The reality, though, is one more of continuity than change. The same unsuitable facilities that housed thousands of asylum-seeking minors under Trump are packed once again under Biden. Thousands of migrants are being turned away at the border or expelled every day. Local officials, aid workers and immigrant advocates have long-standing complaints over backlogs in asylum applications and border authorities ill-equipped to be custodians of frightened, desperate children.
“The emergencies of the past decade are really three chapters of the same struggle: an exodus from Central America has been under way, as families and children attempted to escape violence, poverty, and government corruption,” wrote the New Yorker’s Jonathan Blitzer. “The immigration system at the border, which was built up in the nineteen-nineties, with single, job-seeking adults from Mexico in mind, was not designed to handle a population seeking asylum on this scale. On average, it takes almost two and a half years to resolve an asylum claim, and there’s now a backlog of 1.3 million pending cases, up from half a million under Obama.”
Moreover, according to analysts, the new influx started almost a year ago in April. “But it’s shot up recently because of a combination of factors,” my colleagues reported. “Pandemic-induced economic crises, two hurricanes that ravaged Central America, the end of strict coronavirus lockdowns, and a perception that the Biden administration will be more tolerant of migration.”
“The American president said we could come in,” a Guatemalan man expelled by U.S. authorities back to the Mexican border town of Reynosa told The Washington Post’s Kevin Sieff earlier this month. “But they sent us back here.” (In reality, the Biden administration has aired messages on TV channels and radio stations in parts of Latin America warning migrants against making the trek north.)
The current surge of minors, explained the Atlantic’s Caitlin Dickerson, is the fourth over the course of three U.S. administrations. “For decades, most immigration experts have viewed border crossings not in terms of surges, but in terms of cycles that are affected by an array of factors,” she wrote. “These include the cartels’ trafficking business, weather, and religious holidays as well as American politics — but perhaps most of all by conditions in the children’s home countries.”
The key countries in question are the three nations of Central America’s so-called Northern Triangle: Honduras, Guatemala and El Salvador. For years, the countries have been hobbled by ruinous governance, natural disasters and an epidemic of gang- and cartel-driven violence.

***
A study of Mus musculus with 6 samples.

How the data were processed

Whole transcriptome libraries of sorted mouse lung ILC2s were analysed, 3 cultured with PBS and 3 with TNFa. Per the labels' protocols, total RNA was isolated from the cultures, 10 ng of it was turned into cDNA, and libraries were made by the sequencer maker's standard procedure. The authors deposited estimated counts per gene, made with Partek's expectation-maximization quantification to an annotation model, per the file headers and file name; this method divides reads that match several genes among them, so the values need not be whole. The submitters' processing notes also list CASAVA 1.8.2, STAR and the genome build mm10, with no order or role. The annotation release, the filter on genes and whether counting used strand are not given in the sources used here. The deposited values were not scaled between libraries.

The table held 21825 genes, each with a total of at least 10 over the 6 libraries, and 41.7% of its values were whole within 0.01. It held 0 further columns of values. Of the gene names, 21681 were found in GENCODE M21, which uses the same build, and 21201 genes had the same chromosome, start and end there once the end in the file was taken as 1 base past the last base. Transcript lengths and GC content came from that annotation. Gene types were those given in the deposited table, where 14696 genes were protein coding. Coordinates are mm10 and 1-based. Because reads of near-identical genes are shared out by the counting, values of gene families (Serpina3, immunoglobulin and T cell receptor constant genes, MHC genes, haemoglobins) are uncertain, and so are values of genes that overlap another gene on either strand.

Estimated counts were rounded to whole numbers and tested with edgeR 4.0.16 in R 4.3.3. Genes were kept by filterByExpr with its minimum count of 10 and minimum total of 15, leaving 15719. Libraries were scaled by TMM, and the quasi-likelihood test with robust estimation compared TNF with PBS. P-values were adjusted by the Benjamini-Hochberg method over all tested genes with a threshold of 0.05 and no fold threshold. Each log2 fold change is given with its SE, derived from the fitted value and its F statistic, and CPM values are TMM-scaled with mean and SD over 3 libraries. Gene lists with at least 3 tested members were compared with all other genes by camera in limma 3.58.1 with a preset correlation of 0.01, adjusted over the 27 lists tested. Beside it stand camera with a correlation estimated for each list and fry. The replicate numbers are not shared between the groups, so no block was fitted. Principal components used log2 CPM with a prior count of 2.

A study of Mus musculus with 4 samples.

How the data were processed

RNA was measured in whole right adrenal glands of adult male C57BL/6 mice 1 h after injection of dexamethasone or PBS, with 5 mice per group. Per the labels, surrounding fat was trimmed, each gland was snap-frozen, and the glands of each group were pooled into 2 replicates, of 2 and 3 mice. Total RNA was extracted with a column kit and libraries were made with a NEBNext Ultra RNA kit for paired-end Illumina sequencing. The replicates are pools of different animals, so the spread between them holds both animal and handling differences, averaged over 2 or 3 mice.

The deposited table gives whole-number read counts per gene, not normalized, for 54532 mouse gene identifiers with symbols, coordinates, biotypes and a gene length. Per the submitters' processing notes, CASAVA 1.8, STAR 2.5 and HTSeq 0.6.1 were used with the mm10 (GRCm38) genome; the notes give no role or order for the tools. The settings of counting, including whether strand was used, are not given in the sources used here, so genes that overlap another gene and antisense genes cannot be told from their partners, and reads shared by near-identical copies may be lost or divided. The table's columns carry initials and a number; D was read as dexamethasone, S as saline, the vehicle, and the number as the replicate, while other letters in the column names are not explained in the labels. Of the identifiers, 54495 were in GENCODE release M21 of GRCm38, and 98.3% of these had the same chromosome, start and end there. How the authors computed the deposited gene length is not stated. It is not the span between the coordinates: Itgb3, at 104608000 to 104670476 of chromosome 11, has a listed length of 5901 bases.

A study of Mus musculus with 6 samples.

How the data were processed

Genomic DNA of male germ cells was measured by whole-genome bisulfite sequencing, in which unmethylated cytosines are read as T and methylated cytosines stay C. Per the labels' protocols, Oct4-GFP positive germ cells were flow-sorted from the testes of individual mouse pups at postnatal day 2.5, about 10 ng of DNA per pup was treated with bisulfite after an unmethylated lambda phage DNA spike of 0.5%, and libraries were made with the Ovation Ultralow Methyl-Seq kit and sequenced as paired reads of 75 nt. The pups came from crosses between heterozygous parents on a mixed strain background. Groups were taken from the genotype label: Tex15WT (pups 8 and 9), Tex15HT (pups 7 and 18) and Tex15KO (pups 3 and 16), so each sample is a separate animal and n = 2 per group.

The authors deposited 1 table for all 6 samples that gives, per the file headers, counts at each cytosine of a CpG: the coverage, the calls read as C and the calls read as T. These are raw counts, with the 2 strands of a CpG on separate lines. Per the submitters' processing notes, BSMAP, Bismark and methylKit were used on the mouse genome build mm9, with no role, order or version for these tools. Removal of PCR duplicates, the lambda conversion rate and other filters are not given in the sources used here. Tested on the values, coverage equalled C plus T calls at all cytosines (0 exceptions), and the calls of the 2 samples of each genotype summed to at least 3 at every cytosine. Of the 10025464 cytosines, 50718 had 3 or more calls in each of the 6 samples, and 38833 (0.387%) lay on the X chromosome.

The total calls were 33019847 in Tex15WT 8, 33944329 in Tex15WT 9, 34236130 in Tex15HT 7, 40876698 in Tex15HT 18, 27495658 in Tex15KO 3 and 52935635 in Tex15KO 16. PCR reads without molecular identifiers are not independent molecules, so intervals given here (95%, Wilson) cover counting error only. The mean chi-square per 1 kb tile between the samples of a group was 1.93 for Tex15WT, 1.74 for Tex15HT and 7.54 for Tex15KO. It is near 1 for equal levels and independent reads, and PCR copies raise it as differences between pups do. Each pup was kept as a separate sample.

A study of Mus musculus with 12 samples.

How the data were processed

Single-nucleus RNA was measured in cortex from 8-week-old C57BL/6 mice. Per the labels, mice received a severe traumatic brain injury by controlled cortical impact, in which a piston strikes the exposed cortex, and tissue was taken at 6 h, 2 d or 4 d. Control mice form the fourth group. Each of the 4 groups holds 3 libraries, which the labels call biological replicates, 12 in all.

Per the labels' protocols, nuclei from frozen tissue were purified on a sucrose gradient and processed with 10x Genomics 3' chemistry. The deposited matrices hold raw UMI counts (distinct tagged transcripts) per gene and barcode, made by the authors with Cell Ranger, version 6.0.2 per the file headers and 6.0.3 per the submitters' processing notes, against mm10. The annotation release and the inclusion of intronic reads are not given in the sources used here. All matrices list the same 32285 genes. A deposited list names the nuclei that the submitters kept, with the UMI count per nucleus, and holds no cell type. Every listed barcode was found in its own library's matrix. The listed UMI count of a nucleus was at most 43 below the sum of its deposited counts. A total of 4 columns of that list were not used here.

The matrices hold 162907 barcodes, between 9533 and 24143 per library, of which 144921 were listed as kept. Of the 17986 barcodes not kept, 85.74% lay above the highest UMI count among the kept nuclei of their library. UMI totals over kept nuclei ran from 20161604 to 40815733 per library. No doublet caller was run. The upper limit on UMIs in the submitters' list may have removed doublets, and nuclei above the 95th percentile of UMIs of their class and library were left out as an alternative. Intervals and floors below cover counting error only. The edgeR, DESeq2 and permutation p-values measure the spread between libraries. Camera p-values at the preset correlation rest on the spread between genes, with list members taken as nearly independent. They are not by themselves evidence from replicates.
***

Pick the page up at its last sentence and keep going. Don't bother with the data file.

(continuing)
“People from Guatemala, Honduras and El Salvador don’t migrate in search of a better life. They are looking for a shot at survival,” wrote Mexican journalist and commentator León Krauze.
“If the alternative was famine, gang violence, kidnapping, rape or sexual slavery, wouldn’t you bet it all on the journey north?”
More so than its ultranationalist predecessor, the Biden administration recognizes that the solutions to what it describes as the “challenge” at the border lie much further south. Soon after taking office, Biden announced a $4 billion plan to invest in the Northern Triangle nations — roughly doubling U.S. assistance to those countries with a slate of programs aimed at helping improve quality of life, restructure the security forces and counter both gang violence and official corruption. The White House tapped Vice President Harris earlier this month as the point person in its efforts to address the “root causes” of Central American migration north.
It’s a thorny and daunting mission for Harris. The governments of all three Northern Triangle countries pose diplomatic challenges, further complicated by Trump’s transactional approach. In Guatemala, the Trump administration tacitly assented as authorities shuttered one of the region’s most-lauded anti-corruption commissions in 2019. The president of Honduras, who had a cozy relationship with Trump, is implicated in drug trafficking by the U.S. Justice Department. And in El Salvador, the Biden administration has to balance the need to find common ground with the country’s popular — and populist — president with its concerns over democratic backsliding.
Then there’s the United States’ long and undistinguished track record in attempting to help develop and reform these countries. “Why, after so many decades of systematic support by the U.S. directed at Central America’s structural challenges, has the situation in the region not significantly improved for millions of its peoples?” asked Luis Guillermo Solís, former president of Costa Rica, in an essay laying out the challenges for U.S. policy-making in the Northern Triangle. “What factors have impeded and continue to obstruct the aspirations of Central Americans who endure the hardships of lives dominated by fear, dispossession, sickness, corruption and hunger?”
Solís pointed to a history of U.S. agencies misspending in the region but, more importantly, to a series of entrenched local factors: a legacy of “undemocratic, unfair, repressive and opaque political systems, largely dominated by clientelism, authoritarian practices, state-sponsored violence and disrespect for the rule of law” that have now yielded states with frail institutions and endemic corruption.
Of course, the United States in the past played a major — and often negative — role in underwriting those clientelist regimes. Now, though, the Biden administration may focus more on lifting up the region’s fledgling civil society. “There is so much corruption. It is really endemic and pervasive through a lot of the government structures,” a U.S. official told the Daily 202’s Olivier Knox. “We’ll make sure that there are the right kinds of safeguards in place so we know our assistance has real impact.”